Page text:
April 06 2011 | 0 comments
Categories: Cartographic Representations, Symbology

Is there a way to create overpasses, where the underlying objects are polygons and not lines? This link shows the effect that someone has already come across:

http://mappingcenter.esri.com/index.cfm?fa=ask.answers&q=1174

If this is the only outcome, how easy is it to edit the resulting parapets and masks to stretch along the width of the polygon?

Regards
Sean

Mapping Center Answer:

This is a really interesting question as the overpass (and underpass) tool is designed to work where one line feature class crosses another.  The tool does not work when a line feature class crosses a polygon feature class…though the following steps provide a workaround to achieve the effect of having the mask and parapet cut across polygons.  The process does involve some manual work and you need to remember that it is dependent on using Cartographic Representations (so all data has to be in a geodatabase).

First, you will need to convert any polygon boundaries of the input below features that you want the above feature to cut through into a line feature classes.  This is done using the Feature to Line tool.  You then convert the resulting line feature class symbology into Representations.

Once your feature class symbology is converted to Representations then you can go ahead and run the Create Overpass tool which will create parapets and masks anywhere that the features above cross the lines of the features below. In your case, you will effectively be creating overpasses across the boundary lines of the polygon. As a result, you will get one set pf parapets where the input above feature enters the polygon and another where it leaves the polygon.

Next, convert your new parapet and mask feature classes to Representations. Do this for both feature classes and remember to check the "Change the Geometry of Supporting Features" in the Convert Symbology to Representations dialog box.  This will cause any future edits to be applied to the feature geometry directly rather than the symbology representation – it's important so that the masking will work properly at a later stage.

Because both the parapet and mask layers are multipart features, in order to be able to edit them individually you now need to convert them to singlepart feature classes using the Multipart to Singlepart tool.  This creates two new singlepart feature classes that also retains the Representations.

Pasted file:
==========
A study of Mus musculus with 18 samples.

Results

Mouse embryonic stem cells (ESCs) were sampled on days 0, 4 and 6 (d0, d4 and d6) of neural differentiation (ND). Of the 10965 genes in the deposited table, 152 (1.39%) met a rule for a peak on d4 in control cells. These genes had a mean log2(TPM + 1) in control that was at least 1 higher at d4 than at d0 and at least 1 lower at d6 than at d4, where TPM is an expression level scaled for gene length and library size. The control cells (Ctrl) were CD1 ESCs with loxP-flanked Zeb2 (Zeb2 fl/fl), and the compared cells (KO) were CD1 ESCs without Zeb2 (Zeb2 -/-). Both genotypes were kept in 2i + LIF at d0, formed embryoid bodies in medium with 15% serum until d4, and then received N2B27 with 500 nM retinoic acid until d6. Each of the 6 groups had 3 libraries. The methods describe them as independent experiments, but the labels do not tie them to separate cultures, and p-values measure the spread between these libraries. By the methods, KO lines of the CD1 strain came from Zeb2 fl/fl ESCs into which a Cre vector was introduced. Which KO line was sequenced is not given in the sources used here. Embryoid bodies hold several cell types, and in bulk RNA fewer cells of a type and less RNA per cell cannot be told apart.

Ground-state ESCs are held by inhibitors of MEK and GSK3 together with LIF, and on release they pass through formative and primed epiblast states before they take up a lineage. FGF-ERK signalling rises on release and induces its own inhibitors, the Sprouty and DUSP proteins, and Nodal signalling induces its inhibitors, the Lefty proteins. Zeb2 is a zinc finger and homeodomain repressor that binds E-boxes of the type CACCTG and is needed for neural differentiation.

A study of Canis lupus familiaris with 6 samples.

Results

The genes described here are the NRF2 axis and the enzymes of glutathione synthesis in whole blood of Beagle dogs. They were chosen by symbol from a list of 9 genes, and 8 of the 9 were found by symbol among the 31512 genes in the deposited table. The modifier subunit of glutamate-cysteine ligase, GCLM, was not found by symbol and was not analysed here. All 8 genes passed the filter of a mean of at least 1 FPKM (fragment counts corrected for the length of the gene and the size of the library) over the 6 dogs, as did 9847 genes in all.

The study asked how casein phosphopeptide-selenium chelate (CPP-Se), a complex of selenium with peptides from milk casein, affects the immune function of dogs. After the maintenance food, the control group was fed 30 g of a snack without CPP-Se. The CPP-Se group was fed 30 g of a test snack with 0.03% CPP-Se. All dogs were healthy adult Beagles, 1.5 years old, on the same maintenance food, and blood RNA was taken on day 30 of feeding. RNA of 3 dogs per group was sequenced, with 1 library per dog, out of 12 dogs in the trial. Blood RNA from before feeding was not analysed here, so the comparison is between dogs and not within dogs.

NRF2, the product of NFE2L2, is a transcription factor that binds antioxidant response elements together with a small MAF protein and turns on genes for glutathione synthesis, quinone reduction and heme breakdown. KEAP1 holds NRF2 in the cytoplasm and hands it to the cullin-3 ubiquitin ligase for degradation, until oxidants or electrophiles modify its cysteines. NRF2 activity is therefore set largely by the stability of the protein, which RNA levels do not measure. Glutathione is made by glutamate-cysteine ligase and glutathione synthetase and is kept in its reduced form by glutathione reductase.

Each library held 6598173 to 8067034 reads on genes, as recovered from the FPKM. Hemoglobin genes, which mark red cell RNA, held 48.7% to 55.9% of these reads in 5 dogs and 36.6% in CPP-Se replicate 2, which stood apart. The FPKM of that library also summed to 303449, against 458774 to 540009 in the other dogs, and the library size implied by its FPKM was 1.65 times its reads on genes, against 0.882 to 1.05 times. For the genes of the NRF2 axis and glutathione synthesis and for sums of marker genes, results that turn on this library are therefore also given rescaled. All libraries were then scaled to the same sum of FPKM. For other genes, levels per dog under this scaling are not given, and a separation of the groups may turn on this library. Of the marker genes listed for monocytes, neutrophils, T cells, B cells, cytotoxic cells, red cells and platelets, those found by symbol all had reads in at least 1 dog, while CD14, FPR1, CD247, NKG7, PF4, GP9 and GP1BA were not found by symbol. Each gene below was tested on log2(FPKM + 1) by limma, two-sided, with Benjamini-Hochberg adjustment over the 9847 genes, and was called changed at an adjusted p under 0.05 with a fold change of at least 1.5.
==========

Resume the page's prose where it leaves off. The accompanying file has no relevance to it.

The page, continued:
Now you can do some manual editing so start an Edit session and make sure you have the Representation toolbar visible and that only the two parapet and mask representation feature classes are selectable (to reduce the possibility of editing other data). Using the Direct Select tool on the representations (or the Lasso Direct Select tool ), select one of the parapet and mask combinations (e.g., where it crosses out of the polygon) and delete them.  Now, turn your attention to the other pair of parapet and mask features and select ONLY the vertices of one end of the features.  You should capture two vertices on the mask layer and four on the parapet layer.  Then, you can hover your mouse over one of the vertices, hold the left button and drag the selected vertices to the end of the polygon where the previously deleted pair of features were located.  Release the mouse and you should have created a longer parapet and mask combination.

Once you have done your manual edits, save the edits and exit your Edit session. The final step to achieve the desired effect requires you to use Masking.  To do this, right-click the data frame and select Advanced Drawing Options.  Here, check the option to "Draw using masking options specified below". Then set the masking layer to be your edited mask layer and set the original polygon feature class as the masked layer (plus any other layers you wish the mask to cover).  You can now deselect the polygon boundary line feature class and the mask layers in the Table of Contents and you should see that you have created overpass symbology that cuts across a polygon.

Note that this process works where you have straight lines across a polygon.  If you have curved lines and require a more complex mask and parapet symbology the process is the same except you will need to do more manual editing to add new vertices to the mask and parapet features and shape it according to your input above line feature class.

This workaround should help you create overpasses for line over polygon situations but if this is a technique that would be more useful as part of the standard overpass tool then please request the tool to be developed by posting the request on the ArcGIS Ideas web page - or check to see if someone else has already suggested this and vote to support it so that the idea receives higher priority.